Populism takes a wrong turn
The Trumpian Fox has entered the Populist Henhouse, not so much by stealth but as a result of Middle America's misinterpretation of what will make America great again.
Not having voted for either establishment party's candidate, I write in amazed, almost amused bewilderment at what American voters have done to themselves.
A Reuters/Ipsos Election Day Survey of 10,000 voters revealed the extraordinary fury of the American populist movement. Almost 72 per cent agreed that "the American economy is rigged to the advantage of the rich and powerful".
Count me among them, yet in voting to deny Hillary Clinton the Henhouse, they "unwittingly" (lack of wit), let Donald Trump sneak in the side door. His tenure will be a short four years but is likely to be a damaging one for jobless and low-wage American voters. They were the force for Trump's flipping the Midwest into a Republican Electoral College victory.
But while the Fox promised jobs and to make America great again, his policies of greater defence and infrastructure spending combined with lower corporate taxes to invigorate the private sector continue to favour capital versus labour, markets versus wages, and is a continuation of the status quo.
For example, Republican pleas for tax reform are centred around the argument that America has one of the highest corporate tax rates in the world at 35 per cent. Not so. Of the S&P 500's largest 50 corporations, the average tax rate (including state, local and foreign regulations) is 24 per cent. US corporations rank among the world's most lightly, as opposed to heavily, taxed.
Trump policies also appear to favour the repatriation of trillions of dollars of foreign profits at extremely low cost under the logic that the money will be spent for investment here in the US Doubtful. The last time such a "pardon" was put into law in 2004, no noticeable pickup in investment took place. Of the $362 billion that earned a "tax holiday", most went to dividends, corporate bonuses, and stock buybacks.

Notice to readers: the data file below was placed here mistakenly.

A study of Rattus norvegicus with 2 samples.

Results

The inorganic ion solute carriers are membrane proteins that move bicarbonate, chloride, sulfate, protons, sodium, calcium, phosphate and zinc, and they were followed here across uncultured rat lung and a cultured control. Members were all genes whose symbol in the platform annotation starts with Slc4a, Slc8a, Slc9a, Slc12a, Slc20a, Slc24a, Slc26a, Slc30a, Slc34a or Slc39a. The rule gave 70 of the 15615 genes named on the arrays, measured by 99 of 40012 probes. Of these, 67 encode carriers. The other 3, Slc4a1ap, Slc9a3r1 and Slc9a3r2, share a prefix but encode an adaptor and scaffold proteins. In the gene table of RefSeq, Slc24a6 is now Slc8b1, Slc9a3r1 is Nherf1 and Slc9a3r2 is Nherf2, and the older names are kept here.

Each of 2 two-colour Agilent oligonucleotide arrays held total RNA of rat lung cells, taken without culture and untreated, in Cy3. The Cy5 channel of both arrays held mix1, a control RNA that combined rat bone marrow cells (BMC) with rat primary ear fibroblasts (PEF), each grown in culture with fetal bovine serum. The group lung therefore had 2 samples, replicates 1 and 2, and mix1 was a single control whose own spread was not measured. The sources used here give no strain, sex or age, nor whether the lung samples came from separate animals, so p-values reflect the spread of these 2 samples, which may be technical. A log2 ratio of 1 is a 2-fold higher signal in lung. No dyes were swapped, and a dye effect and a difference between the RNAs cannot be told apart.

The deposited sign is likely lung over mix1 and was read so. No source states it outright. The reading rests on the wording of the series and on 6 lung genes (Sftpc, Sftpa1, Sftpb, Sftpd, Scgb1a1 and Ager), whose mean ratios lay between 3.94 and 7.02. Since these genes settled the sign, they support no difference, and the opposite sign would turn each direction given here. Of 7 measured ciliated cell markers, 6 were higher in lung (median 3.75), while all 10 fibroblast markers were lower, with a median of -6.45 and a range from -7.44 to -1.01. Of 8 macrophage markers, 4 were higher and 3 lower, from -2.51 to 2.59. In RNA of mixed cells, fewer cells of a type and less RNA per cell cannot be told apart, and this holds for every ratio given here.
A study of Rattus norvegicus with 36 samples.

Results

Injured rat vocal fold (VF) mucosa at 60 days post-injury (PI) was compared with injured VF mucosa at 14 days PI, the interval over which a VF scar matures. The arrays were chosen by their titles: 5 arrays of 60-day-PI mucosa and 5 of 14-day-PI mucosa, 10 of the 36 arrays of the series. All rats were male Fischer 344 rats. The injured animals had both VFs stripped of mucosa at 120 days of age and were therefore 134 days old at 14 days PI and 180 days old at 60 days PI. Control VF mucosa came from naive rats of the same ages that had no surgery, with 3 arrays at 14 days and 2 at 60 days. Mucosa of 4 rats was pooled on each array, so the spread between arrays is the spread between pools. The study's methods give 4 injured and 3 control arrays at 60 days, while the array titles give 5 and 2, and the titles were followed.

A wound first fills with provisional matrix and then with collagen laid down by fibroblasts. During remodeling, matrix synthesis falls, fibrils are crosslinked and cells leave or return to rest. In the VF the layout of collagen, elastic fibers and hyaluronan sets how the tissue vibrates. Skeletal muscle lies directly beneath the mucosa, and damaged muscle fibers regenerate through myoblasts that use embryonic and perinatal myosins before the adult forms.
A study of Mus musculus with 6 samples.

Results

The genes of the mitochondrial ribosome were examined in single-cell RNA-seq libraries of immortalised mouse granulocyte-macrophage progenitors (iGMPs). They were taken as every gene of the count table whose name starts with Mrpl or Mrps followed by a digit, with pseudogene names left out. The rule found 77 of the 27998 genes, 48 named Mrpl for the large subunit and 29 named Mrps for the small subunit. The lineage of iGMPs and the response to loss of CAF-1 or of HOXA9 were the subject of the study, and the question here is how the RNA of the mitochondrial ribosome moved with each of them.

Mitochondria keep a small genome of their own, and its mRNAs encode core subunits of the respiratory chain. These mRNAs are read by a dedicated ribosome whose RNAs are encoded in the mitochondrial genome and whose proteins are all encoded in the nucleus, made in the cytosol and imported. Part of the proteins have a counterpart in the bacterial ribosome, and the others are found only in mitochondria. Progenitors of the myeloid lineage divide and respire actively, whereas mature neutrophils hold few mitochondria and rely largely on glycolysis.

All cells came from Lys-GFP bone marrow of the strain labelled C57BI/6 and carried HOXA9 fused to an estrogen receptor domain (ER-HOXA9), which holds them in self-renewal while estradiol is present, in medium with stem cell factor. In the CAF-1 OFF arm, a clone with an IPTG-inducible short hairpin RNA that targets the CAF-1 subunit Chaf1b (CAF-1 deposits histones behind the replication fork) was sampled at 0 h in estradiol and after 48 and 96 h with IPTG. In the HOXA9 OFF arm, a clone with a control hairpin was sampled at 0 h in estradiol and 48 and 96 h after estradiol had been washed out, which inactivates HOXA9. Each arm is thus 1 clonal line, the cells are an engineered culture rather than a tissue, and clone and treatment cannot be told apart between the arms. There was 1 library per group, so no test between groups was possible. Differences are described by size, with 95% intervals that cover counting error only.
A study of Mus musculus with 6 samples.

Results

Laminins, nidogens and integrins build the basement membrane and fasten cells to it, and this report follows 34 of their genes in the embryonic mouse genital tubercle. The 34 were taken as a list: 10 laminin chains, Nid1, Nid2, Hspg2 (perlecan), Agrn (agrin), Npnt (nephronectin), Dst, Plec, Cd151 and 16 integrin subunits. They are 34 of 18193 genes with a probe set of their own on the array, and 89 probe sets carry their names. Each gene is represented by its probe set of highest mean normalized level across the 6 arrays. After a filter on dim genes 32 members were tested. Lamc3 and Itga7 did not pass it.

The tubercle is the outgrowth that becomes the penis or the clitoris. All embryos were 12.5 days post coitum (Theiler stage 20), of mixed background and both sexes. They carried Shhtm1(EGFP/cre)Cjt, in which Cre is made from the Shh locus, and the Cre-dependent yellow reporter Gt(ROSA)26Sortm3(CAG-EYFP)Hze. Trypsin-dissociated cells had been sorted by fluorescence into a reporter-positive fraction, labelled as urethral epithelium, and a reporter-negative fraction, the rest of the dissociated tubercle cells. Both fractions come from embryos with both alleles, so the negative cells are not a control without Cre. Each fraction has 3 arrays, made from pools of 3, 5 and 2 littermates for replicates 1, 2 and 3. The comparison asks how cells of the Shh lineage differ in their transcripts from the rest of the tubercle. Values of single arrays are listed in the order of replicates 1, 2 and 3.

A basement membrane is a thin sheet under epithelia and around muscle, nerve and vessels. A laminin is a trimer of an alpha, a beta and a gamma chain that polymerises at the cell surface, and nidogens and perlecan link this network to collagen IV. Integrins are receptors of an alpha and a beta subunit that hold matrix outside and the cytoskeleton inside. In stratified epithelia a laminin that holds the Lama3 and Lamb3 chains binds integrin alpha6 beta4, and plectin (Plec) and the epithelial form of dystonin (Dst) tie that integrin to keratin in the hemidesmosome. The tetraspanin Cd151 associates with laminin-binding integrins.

Apple or any other large US corporation can borrow the money they need here in the US at historically low interest rates to fund investment. A few have, but over $500 billion annually in recent years has gone to the repurchase of corporate stock and the increase of earnings per share, instead of earnings and GDP growth. Why would they need to repatriate anything for investment in the real economy?
But could a Clinton Administration have done much better? Probably not. Both the Clinton Democrats and almost all Republicans represent the corporate status quo that favours markets versus wages; Wall Street versus Main Street.
That's why the American public and indeed global citizens will continually take a wrong turn in their efforts to neuter the establishment and to regain several decades' lost momentum in real wages versus real profits.
Neither party as they now stand has bold policies beyond the reach of K Street Lobbyists. To my mind, there are better solutions than either party's election platform, such as a Keynesian/FDR job corps or a Kennedyesque AmeriCorps that puts people to work helping other people. Such programs were never emphasised by either candidate.
Let's supplement welfare with a patriotic "Help America" jobs program, even if government-organised. Would it be as efficient as a corporate-led effort? Of course not, but corporations are fighting structural headwinds, such as demographic ageing, technological displacement of jobs (robotisation), deglobalisation, and overleveraged balance sheets. They focus on the bottom line as opposed to the public welfare.
Government must step in, not by reducing taxes, which will only increase profits at the expense of labour, but by being the employer of last resort in hopefully a productive way.
Populism is on the march and a Trump victory will do little to halt its advance in future decades. If anything, it is demographically baked in the cake. Investors, as The Economist astutely pointed out, face a possible no-win situation.
Unless the worker's share of GDP reverses its downward trend, and capital's share peaks, then populists worldwide will reject establishment parties in almost every future election--initiating in some cases growth-negative policies revolving around trade, immigration, and yes, in Trump's case, lower taxation that may lower GDP growth, not raise it.
Global populism is the wave of the future, but it has taken a wrong turn in America. Investors must drive with caution, understanding that higher deficits resulting from lower taxes raise interest rates and inflation, which in turn have the potential to produce lower earnings and P/E ratios.
There is no new Trump bull market in the offing. Be satisfied with 3-5 per cent globally diversified returns. The Wall Street, finance-led hegemon is fading. The populist sunrise has barely broken the horizon.